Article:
Palm Beach County’s top official says “nothing is off the table” in terms of potentially shutting down the local economy again in order to slow the spread of the coronavirus.
During a news conference on Friday afternoon, Mayor Dave Kerner said such a major decision will be based on the COVID-19 positivity rate in the county.
“If the positivity rates start to go up precipitously as they have in other communities, I know where those positivity rates lead us, and I won’t hesitate for a moment to do what needs to be done to keep the public safety and health,” Kerner said.
The COVID-19 positivity rate in Palm Beach County as of Friday was 12 percent, according to Kerner, an increase from 9.3 percent from three weeks ago.
“If the conduct and the metrics and the data indicate that we’re headed in a bad place, then we probably, absolutely would close the economy down,” the mayor added.
Palm Beach County remains in Phase One of Florida’s reopening plan, meaning that restaurants, retail stores, fitness centers and gyms, as well as museums and libraries, may operate at 50 percent capacity indoors.
Kerner said rolling back those economic regulations would be a policy decision to be made by the entire Board of County Commissioners.
“I want to remind everybody that we’re not there yet because of your great work,” he explained.
The mayor emphasized that a countywide mask mandate remains in effect, requiring everyone to wear face coverings in public places in Palm Beach County where social distancing is not possible or is not being practiced.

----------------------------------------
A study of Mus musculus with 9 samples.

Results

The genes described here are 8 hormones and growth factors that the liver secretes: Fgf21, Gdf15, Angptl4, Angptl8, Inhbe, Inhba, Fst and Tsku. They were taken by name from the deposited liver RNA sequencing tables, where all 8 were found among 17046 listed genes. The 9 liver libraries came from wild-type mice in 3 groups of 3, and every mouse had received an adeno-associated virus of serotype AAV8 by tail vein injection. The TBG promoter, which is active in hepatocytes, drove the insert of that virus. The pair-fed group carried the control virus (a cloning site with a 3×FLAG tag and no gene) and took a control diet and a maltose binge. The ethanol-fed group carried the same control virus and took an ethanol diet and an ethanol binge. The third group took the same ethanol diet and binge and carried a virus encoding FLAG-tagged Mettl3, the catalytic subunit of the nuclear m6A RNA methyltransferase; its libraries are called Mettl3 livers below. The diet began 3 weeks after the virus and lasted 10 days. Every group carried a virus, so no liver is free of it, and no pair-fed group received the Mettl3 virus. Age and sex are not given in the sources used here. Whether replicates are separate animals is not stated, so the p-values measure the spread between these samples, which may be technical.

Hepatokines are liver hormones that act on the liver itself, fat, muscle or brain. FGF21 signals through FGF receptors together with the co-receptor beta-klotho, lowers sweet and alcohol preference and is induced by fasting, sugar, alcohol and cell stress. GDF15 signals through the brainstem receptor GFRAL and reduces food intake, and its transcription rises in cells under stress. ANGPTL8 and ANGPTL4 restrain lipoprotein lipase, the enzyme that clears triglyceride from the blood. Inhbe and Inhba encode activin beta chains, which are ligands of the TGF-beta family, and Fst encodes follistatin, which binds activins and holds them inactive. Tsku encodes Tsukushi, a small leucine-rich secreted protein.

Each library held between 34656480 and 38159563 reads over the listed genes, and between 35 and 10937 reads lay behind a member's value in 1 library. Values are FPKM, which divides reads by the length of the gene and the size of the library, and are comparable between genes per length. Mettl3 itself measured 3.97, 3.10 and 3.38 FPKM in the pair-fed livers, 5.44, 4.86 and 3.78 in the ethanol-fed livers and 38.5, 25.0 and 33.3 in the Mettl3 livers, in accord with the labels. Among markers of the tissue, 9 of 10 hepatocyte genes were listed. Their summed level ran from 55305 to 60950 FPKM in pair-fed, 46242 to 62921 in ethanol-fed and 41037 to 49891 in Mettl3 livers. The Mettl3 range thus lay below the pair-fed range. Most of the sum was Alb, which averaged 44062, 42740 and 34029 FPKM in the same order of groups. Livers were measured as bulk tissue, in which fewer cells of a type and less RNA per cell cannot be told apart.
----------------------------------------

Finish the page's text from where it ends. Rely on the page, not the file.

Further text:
He announced that 30,000 additional vials of the drug Remdesivir will be delivered to Florida hospitals within the next 48 to 72 hours.
Those vials will help treat between 5,000 and 6,000 coronavirus patients, according to the governor.
DeSantis asked those who have already recovered from the virus and are positive for the antibodies to consider donating blood.
“Another type of treatment that is also proven to have a positive impact is the use of convalescent plasma,” he said. “So this is people donate blood who have the antibodies for COVID-19 and then that can be used as a treatment for patients who are suffering under the illness.”
The governor also took the opportunity to reassure parents who are concerned about sending their children back to classrooms while Florida continues to fight the coronavirus.
“I can tell you having dealt with this every day since February and looked at the data in the U.S., Florida, across the world, and as a father of three young kids, I do not fear this virus’ effect on my kids,” DeSantis said.
He continued, “I think the risk is incredibly low. I fear way more things in terms of their health and safety, but I would not have any problem having them in school if they were — they’re not school age — but if they were I would absolutely do that and I think it would be safe for them.”
The governor went on to say that the percentage of people testing positive had also started to taper off, which he says is a promising sign of “positive movement.”
“We’ve certainly reached a point of stability on the percent positive,” DeSantis said, “and I think you do see a slight downward trend.”
The coronavirus “is an enemy for us for sure,” DeSantis said, “but so too is fear.”
“I think fear is our enemy here,” he continued, “and I think we approach this with a steady resolve, I think we’re going to handle it much, much better.”
According to the latest numbers from the Florida Department of Health, there are 25,785 confirmed cases of COVID-19 in Palm Beach County as of Sunday morning, including 679 deaths.